Tayside and Central Scotland

Labour/Tory deal at Stirling Council ousts SNP

Stirling Council building
Image caption The council had been run by an SNP minority administration since 2008

Labour and Conservative members on Stirling Council have agreed to run the local authority together.

Both parties said their priority would be balancing the local authority's books over the next two years.

The deal comes despite the SNP returning nine councillors at last week's local election compared with Labour's eight and the Tories' four.

The Nationalists ran Stirling Council as a minority administration between 2008 and May 2012.

The SNP condemned the coalition deal, calling it a "betrayal" for the people of Stirling.

Graham Houston of the SNP, who until the election was council leader, said he was "amazed" at the news.

He said: "The people of Stirling will be shocked that the Tories and Labour will get together to form an administration on Stirling Council, despite neither party being the biggest party after Thursday's election."

Mr Houston accused Labour members of desiring power "at all costs", adding: "The dead hand of Labour will grip the levers of power in Stirling once again.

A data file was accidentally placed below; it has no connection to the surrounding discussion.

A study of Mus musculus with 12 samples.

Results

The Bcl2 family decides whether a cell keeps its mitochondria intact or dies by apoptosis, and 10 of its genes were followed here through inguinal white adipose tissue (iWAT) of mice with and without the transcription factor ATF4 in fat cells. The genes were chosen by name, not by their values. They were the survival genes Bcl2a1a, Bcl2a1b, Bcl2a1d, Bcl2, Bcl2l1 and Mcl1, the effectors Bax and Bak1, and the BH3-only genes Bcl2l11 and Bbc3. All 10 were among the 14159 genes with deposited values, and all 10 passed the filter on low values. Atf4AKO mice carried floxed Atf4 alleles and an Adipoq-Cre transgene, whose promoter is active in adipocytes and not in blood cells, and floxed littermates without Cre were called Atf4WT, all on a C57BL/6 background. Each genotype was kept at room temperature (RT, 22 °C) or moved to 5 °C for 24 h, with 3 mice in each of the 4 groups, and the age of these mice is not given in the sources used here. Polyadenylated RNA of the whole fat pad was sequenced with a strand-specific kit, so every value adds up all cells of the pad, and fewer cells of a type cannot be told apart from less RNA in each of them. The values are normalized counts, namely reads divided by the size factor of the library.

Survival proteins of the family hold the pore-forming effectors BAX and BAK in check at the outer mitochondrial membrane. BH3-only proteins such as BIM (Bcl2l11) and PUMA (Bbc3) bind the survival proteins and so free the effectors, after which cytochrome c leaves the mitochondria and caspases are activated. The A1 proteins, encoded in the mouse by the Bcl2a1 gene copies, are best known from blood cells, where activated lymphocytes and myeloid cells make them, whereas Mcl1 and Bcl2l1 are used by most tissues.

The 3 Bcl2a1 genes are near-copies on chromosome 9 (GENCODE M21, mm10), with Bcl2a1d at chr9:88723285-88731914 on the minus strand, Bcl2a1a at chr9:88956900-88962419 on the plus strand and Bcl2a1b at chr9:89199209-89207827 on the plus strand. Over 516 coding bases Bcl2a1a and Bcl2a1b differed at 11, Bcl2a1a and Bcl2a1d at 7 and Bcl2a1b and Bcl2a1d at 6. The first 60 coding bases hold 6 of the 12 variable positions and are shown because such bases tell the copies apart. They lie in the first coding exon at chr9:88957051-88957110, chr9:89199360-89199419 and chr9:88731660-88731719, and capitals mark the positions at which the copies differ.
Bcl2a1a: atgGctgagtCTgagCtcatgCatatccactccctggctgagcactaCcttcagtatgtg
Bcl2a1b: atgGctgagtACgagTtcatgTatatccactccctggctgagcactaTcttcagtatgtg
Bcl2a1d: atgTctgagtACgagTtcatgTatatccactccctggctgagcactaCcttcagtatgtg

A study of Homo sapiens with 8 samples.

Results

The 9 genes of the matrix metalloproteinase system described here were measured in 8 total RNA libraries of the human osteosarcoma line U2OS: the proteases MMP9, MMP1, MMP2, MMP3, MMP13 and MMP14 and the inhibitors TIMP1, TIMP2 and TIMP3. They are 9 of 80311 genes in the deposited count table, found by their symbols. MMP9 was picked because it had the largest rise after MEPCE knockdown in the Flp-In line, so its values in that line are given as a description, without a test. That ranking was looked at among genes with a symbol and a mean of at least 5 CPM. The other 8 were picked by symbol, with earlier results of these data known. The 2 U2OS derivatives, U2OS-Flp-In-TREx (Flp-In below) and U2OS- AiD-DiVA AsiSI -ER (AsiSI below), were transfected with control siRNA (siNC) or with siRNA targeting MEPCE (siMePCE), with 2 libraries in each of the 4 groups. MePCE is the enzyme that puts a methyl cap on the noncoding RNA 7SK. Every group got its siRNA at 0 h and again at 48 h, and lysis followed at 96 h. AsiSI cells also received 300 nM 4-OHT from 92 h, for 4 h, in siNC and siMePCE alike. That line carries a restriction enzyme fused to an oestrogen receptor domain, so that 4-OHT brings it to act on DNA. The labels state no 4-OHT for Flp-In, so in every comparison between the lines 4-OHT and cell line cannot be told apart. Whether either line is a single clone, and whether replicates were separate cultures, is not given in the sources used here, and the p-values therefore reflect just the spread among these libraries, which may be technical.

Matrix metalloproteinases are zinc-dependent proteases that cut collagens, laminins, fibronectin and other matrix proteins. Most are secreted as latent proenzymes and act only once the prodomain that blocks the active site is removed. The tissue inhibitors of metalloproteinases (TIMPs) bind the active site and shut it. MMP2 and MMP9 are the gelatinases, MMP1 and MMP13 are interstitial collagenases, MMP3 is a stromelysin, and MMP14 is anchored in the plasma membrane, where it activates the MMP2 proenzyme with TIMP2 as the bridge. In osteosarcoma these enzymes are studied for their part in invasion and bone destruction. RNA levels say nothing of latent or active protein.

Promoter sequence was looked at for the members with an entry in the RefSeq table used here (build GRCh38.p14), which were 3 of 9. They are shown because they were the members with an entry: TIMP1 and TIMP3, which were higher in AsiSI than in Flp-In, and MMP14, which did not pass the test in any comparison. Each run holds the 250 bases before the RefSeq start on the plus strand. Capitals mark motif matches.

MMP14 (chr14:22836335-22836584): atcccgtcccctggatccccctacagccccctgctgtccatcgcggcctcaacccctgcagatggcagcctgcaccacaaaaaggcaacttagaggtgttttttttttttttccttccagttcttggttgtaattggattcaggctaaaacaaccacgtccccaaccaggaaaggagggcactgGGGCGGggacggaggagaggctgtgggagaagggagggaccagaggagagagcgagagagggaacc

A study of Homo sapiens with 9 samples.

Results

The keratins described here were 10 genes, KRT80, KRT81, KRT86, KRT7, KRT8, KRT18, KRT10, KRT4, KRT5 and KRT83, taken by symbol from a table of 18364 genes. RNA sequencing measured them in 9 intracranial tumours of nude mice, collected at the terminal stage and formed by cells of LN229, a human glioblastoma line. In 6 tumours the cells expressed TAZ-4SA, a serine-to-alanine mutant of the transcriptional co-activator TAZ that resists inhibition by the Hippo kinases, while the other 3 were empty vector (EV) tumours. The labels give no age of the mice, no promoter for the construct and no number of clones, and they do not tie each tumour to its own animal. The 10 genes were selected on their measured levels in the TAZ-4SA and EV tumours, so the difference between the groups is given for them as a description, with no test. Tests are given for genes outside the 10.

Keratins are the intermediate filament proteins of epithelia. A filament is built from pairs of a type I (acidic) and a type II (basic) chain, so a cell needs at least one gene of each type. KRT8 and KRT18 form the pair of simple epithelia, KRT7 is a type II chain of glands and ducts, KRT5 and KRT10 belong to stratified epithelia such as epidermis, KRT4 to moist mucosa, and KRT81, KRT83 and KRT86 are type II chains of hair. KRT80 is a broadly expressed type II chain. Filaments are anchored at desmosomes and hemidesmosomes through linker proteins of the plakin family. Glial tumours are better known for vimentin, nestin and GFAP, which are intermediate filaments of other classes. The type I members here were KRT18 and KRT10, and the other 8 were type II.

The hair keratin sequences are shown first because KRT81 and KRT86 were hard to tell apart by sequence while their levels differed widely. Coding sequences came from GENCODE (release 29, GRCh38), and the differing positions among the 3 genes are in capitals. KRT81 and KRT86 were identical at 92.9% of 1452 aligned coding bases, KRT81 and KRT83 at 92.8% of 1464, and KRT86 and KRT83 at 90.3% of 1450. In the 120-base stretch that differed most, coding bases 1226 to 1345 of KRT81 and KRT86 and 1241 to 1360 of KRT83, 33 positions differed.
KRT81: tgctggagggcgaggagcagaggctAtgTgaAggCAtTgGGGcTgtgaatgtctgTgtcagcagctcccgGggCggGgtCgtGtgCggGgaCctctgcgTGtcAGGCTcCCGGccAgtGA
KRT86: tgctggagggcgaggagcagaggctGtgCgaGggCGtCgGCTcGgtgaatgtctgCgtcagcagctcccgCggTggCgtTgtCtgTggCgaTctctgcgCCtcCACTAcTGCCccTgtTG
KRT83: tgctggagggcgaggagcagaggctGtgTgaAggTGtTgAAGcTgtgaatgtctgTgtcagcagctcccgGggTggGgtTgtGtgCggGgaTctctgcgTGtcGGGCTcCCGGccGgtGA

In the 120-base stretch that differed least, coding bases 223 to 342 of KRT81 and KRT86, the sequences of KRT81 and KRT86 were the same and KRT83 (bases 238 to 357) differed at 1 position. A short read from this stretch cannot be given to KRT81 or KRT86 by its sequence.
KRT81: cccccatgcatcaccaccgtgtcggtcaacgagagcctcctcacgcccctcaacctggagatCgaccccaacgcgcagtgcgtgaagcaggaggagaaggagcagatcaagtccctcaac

"The real losers will be the people of the Stirling Council area, who after rejecting Labour at the ballot box will nonetheless see Labour entrenched at the helm of Stirling Council.

"The people of Stirling will rightly feel betrayed by this treacherous Labour/Tory alliance."

However, the leader of the authority's Labour group, Corrie McChord said: "After discussions with the other two parties involved with the council, Labour considers working with the Conservative group in the interests of delivering it's manifesto for the people of Stirling, the best way forward.

"There is an enormous challenge to come in the next two years in terms of balancing our budgets and developing the local economy, but with hard work and determination we can provide more efficient services."

Alistair Berrill, the leader of the local Conservative group added: "This power sharing deal allows us to work on our key election priorities of focus on the frontline, balancing the council's books and making our school system better.

"There will be disagreements along the way, but we are confident that a good working relationship can be built between the two parties and we can truly achieve for the people of Stirling."

The new administration said it would begin the process of revising the council's objectives and choosing a new governance structure between now and August, with the key posts being appointed at a meeting on 17 May.